HONOLULU – U.S. Representative K. Mark Takai died Wednesday at the age of 49.
In May, Takai announced he would not seek re-election after he learned his battle with pancreatic cancer had taken a turn, and the disease had spread.
Hawaii federal, state and county officials mourned his passing.
“Congressman Mark Takai was a good, kind, gentle man,” said Hawaii County Mayor Billy Kenoi. “He was an admirable father and husband, and a humble servant leader. Mark was a champion athlete and a champion for the people of Hawai‘i. Our aloha goes out to his wife Sami, son Matthew and daughter Kaila. Mark’s loss is a big loss for all of us who call Hawai‘i home.”
Hawaii Governor David Ige said Takai “humbly and effectively served the people of his state House and Congressional districts. In the often tumultuous world of politics, he has been a shining example of what it means to be a public servant.”
Takai was born and raised on Oahu, his congressional website states, and he “is an alumnus of Pearl City High School and the University of Hawaii at Manoa. He swam for the University of Hawaii throughout his undergrad years and also served as the Student Body President. He is a husband to his wife Sami and a father to his two children, Matthew and Kaila.”
Congressman Takai was also a member of the Hawaii Army National Guard for 17 years. He held the rank of Lieutenant Colonel and was deployed to the Middle East as a part of Operation Iraqi Freedom. Takai was also a 20 year member of the Hawaii State House of Representatives.
Takai “was known on Capitol Hill for his aloha spirit and unwavering commitment to improving the lives of Hawai‘i families,” said Hilo’s State Senator Kaiali’i Kahele. “Rep. Takai lived the Spirit of Aloha.”
Rep. Tulsi Gabbard served with Takai in all three capacities.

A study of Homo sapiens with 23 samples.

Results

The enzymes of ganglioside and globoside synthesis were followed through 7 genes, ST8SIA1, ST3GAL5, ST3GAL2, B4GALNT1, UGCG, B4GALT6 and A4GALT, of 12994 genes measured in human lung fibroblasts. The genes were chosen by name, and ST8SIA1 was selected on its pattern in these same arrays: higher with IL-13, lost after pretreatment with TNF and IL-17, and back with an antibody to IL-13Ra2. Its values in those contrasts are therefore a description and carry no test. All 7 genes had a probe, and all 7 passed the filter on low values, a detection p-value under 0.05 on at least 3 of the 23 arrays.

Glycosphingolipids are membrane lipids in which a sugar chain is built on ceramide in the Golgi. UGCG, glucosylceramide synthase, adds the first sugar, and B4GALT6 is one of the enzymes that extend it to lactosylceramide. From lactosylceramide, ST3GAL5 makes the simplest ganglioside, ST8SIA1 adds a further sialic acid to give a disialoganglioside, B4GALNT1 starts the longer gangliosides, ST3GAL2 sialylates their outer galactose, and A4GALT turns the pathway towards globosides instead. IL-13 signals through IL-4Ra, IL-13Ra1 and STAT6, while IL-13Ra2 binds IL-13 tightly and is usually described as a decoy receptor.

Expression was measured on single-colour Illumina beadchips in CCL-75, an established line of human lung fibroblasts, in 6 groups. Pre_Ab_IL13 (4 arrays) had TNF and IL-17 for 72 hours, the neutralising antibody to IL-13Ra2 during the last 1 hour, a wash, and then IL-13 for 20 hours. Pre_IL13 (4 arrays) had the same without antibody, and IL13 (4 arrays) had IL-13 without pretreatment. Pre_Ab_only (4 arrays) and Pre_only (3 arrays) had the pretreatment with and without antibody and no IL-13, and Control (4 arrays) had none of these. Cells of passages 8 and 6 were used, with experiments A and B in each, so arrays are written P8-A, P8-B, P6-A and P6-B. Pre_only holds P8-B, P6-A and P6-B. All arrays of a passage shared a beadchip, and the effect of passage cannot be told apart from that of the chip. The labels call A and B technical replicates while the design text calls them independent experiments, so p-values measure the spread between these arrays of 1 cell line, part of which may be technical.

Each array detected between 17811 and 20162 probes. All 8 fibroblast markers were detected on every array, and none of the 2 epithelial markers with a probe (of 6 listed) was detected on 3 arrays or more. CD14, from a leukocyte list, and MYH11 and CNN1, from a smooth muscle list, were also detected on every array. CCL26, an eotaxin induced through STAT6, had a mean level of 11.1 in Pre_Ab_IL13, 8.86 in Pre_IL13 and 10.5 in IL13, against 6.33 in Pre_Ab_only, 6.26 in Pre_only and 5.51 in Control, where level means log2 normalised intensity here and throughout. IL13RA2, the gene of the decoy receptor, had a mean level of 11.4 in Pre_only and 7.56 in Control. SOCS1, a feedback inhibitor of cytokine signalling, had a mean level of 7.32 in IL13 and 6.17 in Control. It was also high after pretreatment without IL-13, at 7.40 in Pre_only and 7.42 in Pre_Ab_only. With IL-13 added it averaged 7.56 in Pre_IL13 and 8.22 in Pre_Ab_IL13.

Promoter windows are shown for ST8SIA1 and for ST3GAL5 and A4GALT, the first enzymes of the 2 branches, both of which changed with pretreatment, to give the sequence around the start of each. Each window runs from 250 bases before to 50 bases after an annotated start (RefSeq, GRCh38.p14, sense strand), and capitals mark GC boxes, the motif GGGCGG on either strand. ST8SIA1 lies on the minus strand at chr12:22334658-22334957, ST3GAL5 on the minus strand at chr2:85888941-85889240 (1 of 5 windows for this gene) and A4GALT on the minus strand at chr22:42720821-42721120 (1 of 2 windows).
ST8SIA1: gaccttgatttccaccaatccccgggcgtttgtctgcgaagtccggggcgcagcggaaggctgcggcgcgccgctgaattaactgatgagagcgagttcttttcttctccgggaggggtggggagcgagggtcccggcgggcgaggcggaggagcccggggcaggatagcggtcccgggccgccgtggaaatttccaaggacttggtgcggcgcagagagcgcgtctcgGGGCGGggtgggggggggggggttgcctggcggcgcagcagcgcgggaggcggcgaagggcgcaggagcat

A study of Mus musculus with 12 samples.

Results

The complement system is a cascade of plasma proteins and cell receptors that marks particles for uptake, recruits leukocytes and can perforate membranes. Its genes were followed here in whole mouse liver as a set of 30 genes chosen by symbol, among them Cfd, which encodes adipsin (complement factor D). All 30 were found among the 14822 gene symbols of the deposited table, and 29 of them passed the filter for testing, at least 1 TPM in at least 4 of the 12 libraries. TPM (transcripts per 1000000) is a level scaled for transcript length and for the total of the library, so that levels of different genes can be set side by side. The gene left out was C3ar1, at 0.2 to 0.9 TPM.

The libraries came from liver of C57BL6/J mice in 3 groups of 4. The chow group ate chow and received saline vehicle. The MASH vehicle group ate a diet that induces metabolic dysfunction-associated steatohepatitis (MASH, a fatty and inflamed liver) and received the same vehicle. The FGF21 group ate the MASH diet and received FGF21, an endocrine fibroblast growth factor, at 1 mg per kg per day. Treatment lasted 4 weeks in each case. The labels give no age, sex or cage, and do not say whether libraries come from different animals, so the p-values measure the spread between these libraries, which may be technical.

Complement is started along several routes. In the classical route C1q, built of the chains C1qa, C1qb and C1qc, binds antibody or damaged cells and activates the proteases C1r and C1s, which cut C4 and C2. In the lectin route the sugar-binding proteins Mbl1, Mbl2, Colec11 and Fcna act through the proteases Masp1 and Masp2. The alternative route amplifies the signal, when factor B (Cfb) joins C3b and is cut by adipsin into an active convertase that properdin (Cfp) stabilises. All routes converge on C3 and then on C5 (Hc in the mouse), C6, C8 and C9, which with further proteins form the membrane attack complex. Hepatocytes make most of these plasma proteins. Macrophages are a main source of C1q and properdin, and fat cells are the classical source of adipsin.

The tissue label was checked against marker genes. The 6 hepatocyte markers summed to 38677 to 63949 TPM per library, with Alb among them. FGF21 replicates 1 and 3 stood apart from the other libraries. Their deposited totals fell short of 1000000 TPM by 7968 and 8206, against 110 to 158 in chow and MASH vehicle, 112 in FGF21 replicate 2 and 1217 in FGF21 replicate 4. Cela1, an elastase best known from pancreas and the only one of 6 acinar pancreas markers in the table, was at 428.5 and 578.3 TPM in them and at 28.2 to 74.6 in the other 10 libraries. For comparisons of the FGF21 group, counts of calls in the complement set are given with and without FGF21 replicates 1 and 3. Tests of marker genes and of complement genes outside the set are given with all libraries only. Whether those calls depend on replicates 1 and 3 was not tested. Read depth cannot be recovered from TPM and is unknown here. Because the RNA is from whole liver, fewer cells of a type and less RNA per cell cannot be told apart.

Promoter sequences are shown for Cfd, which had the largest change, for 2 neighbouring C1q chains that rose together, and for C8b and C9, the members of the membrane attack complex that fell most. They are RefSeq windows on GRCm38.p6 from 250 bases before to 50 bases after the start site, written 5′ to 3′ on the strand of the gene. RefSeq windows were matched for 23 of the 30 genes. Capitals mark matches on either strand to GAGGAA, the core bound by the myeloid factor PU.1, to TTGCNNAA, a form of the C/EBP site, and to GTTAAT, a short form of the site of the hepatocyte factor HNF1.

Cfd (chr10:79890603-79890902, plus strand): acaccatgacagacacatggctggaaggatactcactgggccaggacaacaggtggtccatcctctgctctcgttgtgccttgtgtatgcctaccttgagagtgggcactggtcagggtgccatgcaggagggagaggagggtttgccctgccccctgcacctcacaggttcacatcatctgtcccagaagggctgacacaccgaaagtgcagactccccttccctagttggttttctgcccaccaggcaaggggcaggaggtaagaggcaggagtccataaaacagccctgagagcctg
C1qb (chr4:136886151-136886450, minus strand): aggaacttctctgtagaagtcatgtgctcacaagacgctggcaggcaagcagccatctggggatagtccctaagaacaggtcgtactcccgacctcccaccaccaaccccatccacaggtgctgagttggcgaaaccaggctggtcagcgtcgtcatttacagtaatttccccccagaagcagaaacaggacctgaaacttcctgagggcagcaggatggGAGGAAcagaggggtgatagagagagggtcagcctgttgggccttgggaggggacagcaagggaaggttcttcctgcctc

“I’m deeply saddened today as we mourn the passing of my friend, colleague, and fellow soldier, Congressman Mark Takai,” Rep. Gabbard said in a statement. “I’m grateful to have known and worked with Mark for over a decade. With a servant’s heart, full of aloha, he dedicated his life to serving the people of Hawaiʻi and our nation, in the Hawaiʻi State Legislature, in the Hawaiʻi Army National Guard, and in Congress. I had the good fortune of serving with Mark in all three of these capacities, and saw firsthand that no matter where he was, he always kept his service to Hawaiʻi’s people at the forefront of his actions. Mark’s smiling face and ready laugh will truly be missed, but the impact that he made through his life of service to the people of Hawaiʻi will always be remembered.”
Hawaii’s Speaker of the House of Representatives also issued a statement.
“Mark was a thoughtful and caring public servant and a good friend to all us in the State House. To say that he will be missed is not just a cliché but a heavy and sad reality,” said House Speaker Joseph Souki “As much as Mark had accomplished in his full life, there was so much more he wanted to do and would have done—for himself and his family, and for all us here in Hawaii. Our thoughts and prayers go out to his wife Sami and their children Matthew and Kaila and all of the Takai ohana in this very difficult time.”
“I affectionately called Mark my younger brother,” said U.S. Senator Mazie Hirono. “We shared so many of the same values and supported each other during challenging times. Mark’s passing is a tremendous loss for all of us who loved him, and for the state of Hawaii. But he said it best- ‘as often happens, we find ourselves on a different journey than we had planned.’ While we find that our journey is not as bright without Mark, we will continue his work to make Hawaii a better place. My thoughts and aloha go to his wife Sami, his children Matthew and Kaila, and the Takai ohana.”
Rep. Takai planned to finish out his term, which would have ended in January 2017.